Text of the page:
In an earlier post on understanding your best foundation for developing talent we talked about how talent is most easily, and sustainably, developed in the areas that we are naturally (and enthusiastically) drawn to…
“Understanding what works for us, and what doesn’t, is a very important step in understanding where and how we can develop our talent; because talent is largely the set of skills you are willing to commit yourself, relentlessly, to developing.
Once you understand those areas where you’ll be best able to develop talent, it makes it a lot easier to narrow down the kinds of careers that are likely to suit you. It’s no longer a matter of trying to pick the best option from a big bag of potential futures, but looking at what is already within you and developing that into a fulfilling career path.
What do you know about yourself so far?
Have a go at completing the following statements (in a notebook, on your phone / laptop, or wherever) based on where you think your talent may best be developed. Pull up your hoozyu data - by logging into the platform, or reviewing your one-page summary report if you have a copy to hand - and use it to complete the 2nd and 3rd statements.
You can take as much time over this as you need to get clear in your own thoughts.
My overall impression is that I might be well suited to become…
My Interest and Organisational Focus scores that support this view are…
My Usual and Need descriptors that also support this view are…
This makes me feel…
Have a look at what you wrote in response to that last statement. If you have written positive words - e.g. “excited, intrigued, happy, enthusiastic” or even words like “daunted, challenged, nervous” that’s great! Feeling nervous is just a sign that you recognise there are areas you need to further develop yourself in.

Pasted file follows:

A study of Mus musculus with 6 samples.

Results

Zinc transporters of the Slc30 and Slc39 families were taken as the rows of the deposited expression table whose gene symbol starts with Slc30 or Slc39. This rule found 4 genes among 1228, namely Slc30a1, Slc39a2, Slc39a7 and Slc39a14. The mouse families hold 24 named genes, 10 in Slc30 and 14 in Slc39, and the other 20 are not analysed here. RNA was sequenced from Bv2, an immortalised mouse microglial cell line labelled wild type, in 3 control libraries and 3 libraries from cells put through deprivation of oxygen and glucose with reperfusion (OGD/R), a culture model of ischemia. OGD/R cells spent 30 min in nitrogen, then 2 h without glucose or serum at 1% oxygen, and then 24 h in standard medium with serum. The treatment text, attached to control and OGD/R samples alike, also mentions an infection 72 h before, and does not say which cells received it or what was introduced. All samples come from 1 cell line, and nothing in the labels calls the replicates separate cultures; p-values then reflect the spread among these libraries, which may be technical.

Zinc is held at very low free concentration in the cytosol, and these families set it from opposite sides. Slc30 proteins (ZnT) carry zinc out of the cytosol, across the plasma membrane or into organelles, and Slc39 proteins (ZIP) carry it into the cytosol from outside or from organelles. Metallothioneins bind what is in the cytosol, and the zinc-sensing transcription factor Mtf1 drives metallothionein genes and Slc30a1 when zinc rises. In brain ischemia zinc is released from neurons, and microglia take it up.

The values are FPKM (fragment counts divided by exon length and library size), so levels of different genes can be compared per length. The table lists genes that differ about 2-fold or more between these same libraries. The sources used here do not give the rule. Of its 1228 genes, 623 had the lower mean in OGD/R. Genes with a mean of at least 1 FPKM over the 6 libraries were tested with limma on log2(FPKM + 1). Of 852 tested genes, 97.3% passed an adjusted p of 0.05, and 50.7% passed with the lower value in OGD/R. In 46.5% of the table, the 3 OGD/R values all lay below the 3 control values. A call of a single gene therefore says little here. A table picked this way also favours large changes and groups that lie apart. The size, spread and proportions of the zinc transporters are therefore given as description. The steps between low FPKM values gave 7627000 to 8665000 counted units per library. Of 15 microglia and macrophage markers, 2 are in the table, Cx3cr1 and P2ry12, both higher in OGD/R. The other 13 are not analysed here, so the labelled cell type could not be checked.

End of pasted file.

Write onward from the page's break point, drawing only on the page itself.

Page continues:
If, on the other hand, you have written really negative words - “sad, disappointed, depressed, gutted, demotivated”, then we have a problem: something is not computing. If you have really understood your motivational and Grid scores, that should be a “woohoo!” moment - not a “boohoo…” one.
If that’s you - if you’re feeling distressed or discouraged by what you see in your data, why not talk it through with a trusted friend or mentor, if you haven’t already. They may be able to help you locate the root of any sadness or disappointment you’re feeling in this area.
Maybe you feel inadequate to pursue the areas your scores are pointing you towards, or maybe you’ve got so far down a certain path and you think it’s too late to reroute and aim for something different.
The truth is that, if you’re wise, nothing you learn need ever be wasted. The skills developed in one field can almost always be transferred to another; the experience and discipline, knowledge and practice from one pursuit can inform a wide variety of other areas in your life. (If you want to learn more about this check out our recent post on transferrable skills.)
Check out Understanding your Career Options Part 2.